Smaug—the calamitous dragon of J.R.R. Tolkien’s 1937 novel The Hobbit—gets top billing in the second installment of Peter Jackson’s big-screen adaptation. But in The Hobbit: The Desolation of Smaug, the dragon isn’t the one we should fear most.
In fact, the tag line from another blockbuster adaptation of a beloved novel, The Hunger Games: Catching Fire, equally applies here: “Remember who the real enemy is.” This is helpful advice for both the wizards, hobbits, dwarves, and elves in Tolkien’s tale and for today’s Christians, even those whose daily spiritual battles are a bit more prosaic than these big-screen adventures.
The Desolation of Smaug finds our hobbit hero Bilbo (Martin Freeman) and the band of dwarves he has joined at the foot of the Lonely Mountain, where Smaug and their stolen treasure dwells. The dragon is a threat, to be sure, but this journey has been fraught with others. Early on in the film the company encounters Beorn (Mikael Persbrandt), a hulking bear who transforms into a slightly less intimidating man. Beorn despises dwarves, but he hates the marauding Orcs on their trail even more, so he decides to help the desperate travelers. Later, the dwarves come across woodland elves who take them prisoner (they’ll tolerate no disturbance of their kingdom), then a town of men at the edge of the Lonely Mountain, where they’re eyed with equal suspicion. In fact, the film charts a series of fiefdoms, each furtively guarding their land under the shadow of the dragon.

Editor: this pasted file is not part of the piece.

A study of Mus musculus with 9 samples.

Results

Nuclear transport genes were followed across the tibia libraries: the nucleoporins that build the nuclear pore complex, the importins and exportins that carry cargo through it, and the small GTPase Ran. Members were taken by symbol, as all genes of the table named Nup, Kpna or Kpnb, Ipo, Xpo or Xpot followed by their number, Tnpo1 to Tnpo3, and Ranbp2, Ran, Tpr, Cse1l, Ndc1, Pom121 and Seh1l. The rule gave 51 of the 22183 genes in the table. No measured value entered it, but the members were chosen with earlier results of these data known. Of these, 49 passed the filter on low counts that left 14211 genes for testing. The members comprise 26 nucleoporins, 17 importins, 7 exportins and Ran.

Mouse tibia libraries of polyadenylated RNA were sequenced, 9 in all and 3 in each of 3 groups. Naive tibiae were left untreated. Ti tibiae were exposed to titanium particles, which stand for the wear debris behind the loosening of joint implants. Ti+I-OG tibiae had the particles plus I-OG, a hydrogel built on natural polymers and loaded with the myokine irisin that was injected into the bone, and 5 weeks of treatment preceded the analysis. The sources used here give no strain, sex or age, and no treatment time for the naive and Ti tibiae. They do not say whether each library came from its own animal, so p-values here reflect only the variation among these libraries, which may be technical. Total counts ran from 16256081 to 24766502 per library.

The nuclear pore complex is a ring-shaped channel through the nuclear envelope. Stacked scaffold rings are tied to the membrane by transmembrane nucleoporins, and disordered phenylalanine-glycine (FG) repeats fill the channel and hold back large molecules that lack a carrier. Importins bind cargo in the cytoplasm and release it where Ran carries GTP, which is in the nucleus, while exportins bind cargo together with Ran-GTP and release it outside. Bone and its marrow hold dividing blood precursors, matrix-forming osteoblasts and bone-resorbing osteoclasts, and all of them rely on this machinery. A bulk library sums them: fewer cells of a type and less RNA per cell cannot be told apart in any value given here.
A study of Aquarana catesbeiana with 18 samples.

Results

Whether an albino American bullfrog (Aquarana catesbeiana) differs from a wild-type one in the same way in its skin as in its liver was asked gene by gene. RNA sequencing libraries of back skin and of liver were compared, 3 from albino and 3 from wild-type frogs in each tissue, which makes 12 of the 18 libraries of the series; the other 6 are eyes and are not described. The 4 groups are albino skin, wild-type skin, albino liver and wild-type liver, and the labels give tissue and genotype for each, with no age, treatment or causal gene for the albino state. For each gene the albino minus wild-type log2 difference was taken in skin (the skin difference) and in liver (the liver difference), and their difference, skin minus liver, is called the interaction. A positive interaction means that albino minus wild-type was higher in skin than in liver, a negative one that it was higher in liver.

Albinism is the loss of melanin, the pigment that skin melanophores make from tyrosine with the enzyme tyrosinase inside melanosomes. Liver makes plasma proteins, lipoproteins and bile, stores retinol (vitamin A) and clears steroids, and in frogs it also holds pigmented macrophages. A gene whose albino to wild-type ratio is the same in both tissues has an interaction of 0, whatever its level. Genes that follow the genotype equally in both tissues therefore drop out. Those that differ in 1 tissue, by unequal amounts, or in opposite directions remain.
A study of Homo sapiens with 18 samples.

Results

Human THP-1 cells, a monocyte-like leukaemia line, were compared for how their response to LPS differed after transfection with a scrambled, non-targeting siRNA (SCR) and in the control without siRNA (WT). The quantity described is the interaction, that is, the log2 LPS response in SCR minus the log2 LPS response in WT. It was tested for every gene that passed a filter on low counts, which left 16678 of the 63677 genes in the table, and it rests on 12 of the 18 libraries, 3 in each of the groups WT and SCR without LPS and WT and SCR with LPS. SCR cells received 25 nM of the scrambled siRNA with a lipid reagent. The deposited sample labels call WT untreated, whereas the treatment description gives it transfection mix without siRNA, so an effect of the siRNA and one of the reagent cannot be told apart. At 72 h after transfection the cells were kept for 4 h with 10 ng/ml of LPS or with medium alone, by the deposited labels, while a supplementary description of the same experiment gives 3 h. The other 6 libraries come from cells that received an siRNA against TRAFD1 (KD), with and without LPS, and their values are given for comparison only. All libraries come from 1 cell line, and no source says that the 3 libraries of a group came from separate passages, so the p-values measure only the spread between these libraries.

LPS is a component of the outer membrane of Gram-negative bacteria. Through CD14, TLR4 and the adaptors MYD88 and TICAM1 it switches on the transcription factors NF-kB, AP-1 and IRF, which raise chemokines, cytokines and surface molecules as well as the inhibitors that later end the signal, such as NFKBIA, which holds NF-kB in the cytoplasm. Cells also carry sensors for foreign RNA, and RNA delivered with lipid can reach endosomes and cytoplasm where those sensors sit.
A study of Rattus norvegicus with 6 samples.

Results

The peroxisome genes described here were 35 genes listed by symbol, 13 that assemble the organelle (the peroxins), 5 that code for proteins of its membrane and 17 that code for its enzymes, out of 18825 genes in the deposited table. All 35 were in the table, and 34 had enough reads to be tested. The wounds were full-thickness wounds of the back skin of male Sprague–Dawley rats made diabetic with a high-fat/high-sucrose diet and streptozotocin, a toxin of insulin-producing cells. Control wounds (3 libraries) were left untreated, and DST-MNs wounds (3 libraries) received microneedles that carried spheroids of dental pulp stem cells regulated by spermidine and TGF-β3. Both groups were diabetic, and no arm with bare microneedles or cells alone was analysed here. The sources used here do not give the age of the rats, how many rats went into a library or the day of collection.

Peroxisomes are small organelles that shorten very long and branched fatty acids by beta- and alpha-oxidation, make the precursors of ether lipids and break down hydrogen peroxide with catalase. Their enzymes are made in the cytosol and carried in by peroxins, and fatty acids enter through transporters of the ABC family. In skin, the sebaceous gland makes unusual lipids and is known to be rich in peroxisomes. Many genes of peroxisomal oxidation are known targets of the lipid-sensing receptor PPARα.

It’s an atmosphere of cloistered dread, one that resembles our world in many ways. In the aftermath of the Tower of Babel, humankind has gone on carve out countless little kingdoms. Nation states are among these, certainly, but the Christian subculture can be considered one as well. Often we’re so concerned with who is in and who is out we tend to forget that all of God’s creatures are in this together (this being his creation-restoring narrative).
TC Podcast: Tolkien Theology
Humanity has lived in suspicion and fearfulness ever since the Fall. We’ve been afraid of each other, but also of some variation on Smaug—natural disaster, nuclear annihilation, political manipulation, environmental collapse. We despair over such things, and the ripple effect is an increasing agitation with our neighbors. And so nations stockpile weapons, subcultures clash over conflicting values, and divisions even fester within the Christian church.
The real enemy, though, is the one exploiting this unease with and distrust of each other. Scripture, interestingly, identifies Satan as a dragon—the primordial Smaug—yet he’s also described as the great deceiver, the one who has led the whole world astray. And as the oft-cited aphorism goes, the greatest trick the Devil ever pulled was convincing the world he didn't exist.
In The Hobbit: The Desolation of Smaug, we get to meet Tolkien’s version of this foe. Near the end of the film, the wizard Gandalf (Ian McKellen) leaves Bilbo and the dwarves to find the source of the Orc attackers. Discovering their stronghold, he demands of the Orc commander, “Where is your master?” The chilling, biblical response? “We are legion.” What follows is a stunning visual display in a movie full of them: wisps of black swirling around Gandalf and eventually congealing into the obscure form of Sauron, the fallen angel and corrupting force of Tolkien’s mythology.
Like this Sauron, our true enemy pulls strings from behind the shadows. And so, instead of warily regarding him as a doomed but still destructive force, we give in to the fear of this world and fight each other. Jackson’s film is a rousing adventure, yet it’s also a reminder that we sometimes miss the forest for the Smaugs.